Clinton "Deeply Concerned" by Length of Journalists' Sentence in NK

ABC News' Kirit Radia reports: Secretary of State Hillary Clinton said today she was "deeply concerned" by the lengthy prison sentence handed down by a North Korean court today to two American journalists detained in the Stalinist country for nearly three months.

"Our thoughts are with these two young women and their families. I have spoken with family members and expressed our concern, as well as our commitment to securing the release of our citizens. Obviously, we are deeply concerned about the length of the sentences and the fact that this trial was conducted totally in secret, with no observers, and we're engaged in all possible ways through every possible channel to secure their release. And we once again urge North Korea to grant their immediate release on humanitarian grounds," Clinton said.

American journalists Laura Ling and Euna Lee were detained by North Korean guards as they reported a story along the border with China in March.

The challenge for the United States now will be to balance punishing Pyongyang for its recent nuclear test without antagonizing the North as it seeks to win the release of the two Americans. It's terrible timing for the US which wants to tighten the screws on North Korea, but perhaps worse timing for the two Americans.

The US has sought to de-couple the two issues, though it will be difficult for Lee and Ling not to become a pawn in the delicate diplomatic dance.

Clinton today did her best to separate the sanctions from their detention.

"We view these as entirely separate matters. We think the imprisonment, trial and sentencing of Laura and Euna should be viewed as a humanitarian matter. We hope that the North Koreans will grant clemency and deport them," she said.

"There are other concerns that we and the international community have with North Korea, but those are separate and apart from what's happening to the two journalists," Clinton added.

"We think this should be examined on a humanitarian background," Clinton's spokesman Ian Kelly told reporters earlier in the day. "That's totally separate from what we're trying to do up in New York," where the US is pushing for sanctions on North Korea at the United Nations.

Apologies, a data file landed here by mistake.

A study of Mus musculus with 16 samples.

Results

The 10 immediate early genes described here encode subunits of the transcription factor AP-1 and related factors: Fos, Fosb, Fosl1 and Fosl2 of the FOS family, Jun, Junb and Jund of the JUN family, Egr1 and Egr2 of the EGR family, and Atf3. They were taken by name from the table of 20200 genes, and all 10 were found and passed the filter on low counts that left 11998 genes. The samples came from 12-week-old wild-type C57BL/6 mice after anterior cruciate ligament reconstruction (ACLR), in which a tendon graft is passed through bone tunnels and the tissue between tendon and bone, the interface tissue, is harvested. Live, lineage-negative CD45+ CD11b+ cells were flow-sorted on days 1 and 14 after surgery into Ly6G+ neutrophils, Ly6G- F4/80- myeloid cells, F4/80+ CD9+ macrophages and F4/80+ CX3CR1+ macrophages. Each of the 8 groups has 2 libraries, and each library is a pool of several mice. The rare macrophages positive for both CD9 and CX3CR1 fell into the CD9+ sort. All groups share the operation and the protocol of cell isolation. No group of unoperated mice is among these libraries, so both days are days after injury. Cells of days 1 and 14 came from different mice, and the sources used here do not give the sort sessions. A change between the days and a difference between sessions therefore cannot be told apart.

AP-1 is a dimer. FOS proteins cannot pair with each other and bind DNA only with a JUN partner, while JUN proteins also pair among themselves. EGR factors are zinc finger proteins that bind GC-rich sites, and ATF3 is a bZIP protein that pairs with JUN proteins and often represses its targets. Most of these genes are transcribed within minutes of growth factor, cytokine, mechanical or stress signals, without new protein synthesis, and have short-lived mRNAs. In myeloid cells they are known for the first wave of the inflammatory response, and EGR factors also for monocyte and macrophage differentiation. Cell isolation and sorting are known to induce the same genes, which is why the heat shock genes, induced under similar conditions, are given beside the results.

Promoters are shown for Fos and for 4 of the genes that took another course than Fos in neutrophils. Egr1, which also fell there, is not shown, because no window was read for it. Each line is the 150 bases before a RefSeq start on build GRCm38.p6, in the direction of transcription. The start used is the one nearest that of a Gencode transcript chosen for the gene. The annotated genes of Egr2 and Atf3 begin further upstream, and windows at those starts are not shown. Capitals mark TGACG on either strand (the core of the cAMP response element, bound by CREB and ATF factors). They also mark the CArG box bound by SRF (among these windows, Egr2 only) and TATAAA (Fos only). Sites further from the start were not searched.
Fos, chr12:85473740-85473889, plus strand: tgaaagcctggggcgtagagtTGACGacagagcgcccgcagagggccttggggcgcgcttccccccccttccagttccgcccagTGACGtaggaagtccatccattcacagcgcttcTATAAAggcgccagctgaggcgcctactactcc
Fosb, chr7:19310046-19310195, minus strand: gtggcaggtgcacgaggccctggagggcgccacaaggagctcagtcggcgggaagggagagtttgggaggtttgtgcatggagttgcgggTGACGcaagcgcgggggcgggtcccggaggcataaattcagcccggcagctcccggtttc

Of course the US is hard pressed to defend why a release on "humanitarian" grounds is justified, other than to say the crimes don't justify the harsh punishment and citing the opaque judicial process.

Neither Clinton nor Kelly would confirm ABC's reporting that the US had sent a letter to the North Koreans asking for their release.

"I think for understandable reasons I'm not going to go into our private diplomatic efforts," Clinton said when asked about the letter and whether the US would consider sending an envoy like Al Gore, whose Current TV employed the two journalists, to Pyongyang to negotiate for their release.

"We are pursuing every possible approach that we can consider in order to persuade the North Koreans to release them and send these young women home," she added.

"I don't want to go too much into detail on what exactly we're pursuing. I think, for reasons that you can understand, this is a -- obviously a sensitive subject," Kelly said.

"I have seen no indications that they're -- no overt indications that they're using these two young ladies as pawns," Kelly added.

When asked if the US would hold off on the push for sanctions until this issue is resolved, he replied: "No, no. As I said before, they're completely separate."